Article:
Barring any unforeseen development, the United States will be repatriating the $550 million Abacha loot, still trapped in the country, to Nigeria, the Attorney General of the Federation and Minister of Justice, Abubakar Malami, has said.
Speaking in an interview with Sunday Vanguard, Malami confirmed that Nigeria had met major conditions set out for the return of the loot.
According to the Justice Minister, what is left for the draw down relates to the completion of major paper work by the U.S.
“We have done our part by providing the necessary documents required by the U.S Department of Justice and proving that we did not appoint Nnanka Godson as our lawyer to trace and recover any money for the country,” Malami said. “What is basically remaining is paperwork to be done internally by the U.S. We have also appointed a senior Nigerian official based in the U.S to be relating with them in order to facilitate the fund repatriation.”
A United States District Court had, on September 17, 2016 dismissed a case by a Nigerian lawyer seeking to stop the repatriation of the $550 million loot to Nigeria until the payment of his legal fees purportedly worth $320 million by the Nigerian government. Justice John D. Bates of the U.S District Court, who gave the ruling in an appeal filed by Nigeria against Nnaka’s claim that he be paid the huge amount, paved the way for efforts to be channelled towards drawing down the cash.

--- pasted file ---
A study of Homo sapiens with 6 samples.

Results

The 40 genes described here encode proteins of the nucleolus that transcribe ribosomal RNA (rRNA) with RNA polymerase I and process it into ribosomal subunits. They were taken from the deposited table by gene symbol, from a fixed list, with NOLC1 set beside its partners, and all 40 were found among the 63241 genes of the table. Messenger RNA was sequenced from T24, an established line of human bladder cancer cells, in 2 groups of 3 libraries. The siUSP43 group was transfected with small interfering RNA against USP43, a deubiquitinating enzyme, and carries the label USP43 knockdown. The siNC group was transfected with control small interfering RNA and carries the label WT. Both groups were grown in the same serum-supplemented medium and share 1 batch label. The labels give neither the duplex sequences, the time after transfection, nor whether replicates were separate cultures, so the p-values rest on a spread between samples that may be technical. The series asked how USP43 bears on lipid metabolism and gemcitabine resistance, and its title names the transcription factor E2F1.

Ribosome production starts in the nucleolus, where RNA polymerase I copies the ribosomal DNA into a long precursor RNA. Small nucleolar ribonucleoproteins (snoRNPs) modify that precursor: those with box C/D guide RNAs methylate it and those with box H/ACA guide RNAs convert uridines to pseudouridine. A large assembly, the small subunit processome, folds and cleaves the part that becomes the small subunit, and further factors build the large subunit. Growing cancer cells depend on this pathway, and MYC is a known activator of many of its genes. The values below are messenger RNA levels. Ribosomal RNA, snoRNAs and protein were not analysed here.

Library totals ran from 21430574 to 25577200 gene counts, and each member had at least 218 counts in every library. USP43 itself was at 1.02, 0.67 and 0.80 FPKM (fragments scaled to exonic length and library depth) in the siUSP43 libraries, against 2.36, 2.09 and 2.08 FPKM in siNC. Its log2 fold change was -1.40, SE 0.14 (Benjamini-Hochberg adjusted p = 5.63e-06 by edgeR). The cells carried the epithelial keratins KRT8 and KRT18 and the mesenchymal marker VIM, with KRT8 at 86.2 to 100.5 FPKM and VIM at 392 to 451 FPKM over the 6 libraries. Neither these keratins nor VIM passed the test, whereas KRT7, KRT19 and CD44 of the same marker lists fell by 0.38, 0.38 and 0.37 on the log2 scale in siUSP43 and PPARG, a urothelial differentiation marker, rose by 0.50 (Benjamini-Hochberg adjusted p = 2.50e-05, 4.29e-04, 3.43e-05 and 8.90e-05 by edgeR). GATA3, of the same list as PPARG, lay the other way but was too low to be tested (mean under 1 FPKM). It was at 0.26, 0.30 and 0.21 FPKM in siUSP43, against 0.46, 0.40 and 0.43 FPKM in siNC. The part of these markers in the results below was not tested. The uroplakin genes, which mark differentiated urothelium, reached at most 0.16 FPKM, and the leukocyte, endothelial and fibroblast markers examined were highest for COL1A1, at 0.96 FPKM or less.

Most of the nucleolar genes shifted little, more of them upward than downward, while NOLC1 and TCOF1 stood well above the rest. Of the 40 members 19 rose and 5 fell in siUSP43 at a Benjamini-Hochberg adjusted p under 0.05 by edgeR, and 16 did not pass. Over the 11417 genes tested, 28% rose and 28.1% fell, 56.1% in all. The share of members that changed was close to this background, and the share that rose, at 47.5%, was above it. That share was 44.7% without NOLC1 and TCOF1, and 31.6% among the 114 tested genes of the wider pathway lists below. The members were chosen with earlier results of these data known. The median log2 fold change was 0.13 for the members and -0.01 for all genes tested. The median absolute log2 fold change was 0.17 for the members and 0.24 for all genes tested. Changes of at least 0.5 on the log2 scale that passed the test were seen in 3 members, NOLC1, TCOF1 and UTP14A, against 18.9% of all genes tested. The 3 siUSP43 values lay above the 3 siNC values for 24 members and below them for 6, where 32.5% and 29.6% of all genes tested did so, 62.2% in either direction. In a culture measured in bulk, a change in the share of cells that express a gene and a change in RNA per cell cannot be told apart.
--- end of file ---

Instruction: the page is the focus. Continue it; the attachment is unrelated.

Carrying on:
Bates, in dismissing Nnaka’s case, held that the claimant was not entitled to such payment since he was not a party to the forfeiture case filed by the US Department of Justice in conjunction with Nigeria. Nigeria, through the Office of the Attorney General of the Federation, also filed a robust opposition to the Nnaka’s motion for the payment of the lien and also asked the court to bar Nnaka from making subsequent filings in that case. Ruling on the case, the District Court entered an order denying Nnaka’s Motion for a Charging Lien.
The Court also specifically ruled that Nnaka’s participation in this case must now come to an end.” Bates said that Nnaka did not meet the basic prerequisites to be considered as a proper party in the case and to be paid the amount he requested for, having not qualified to represent Nigeria.
The judge also ruled out Nnaka for the payment since he had not won any judgment for Nigeria.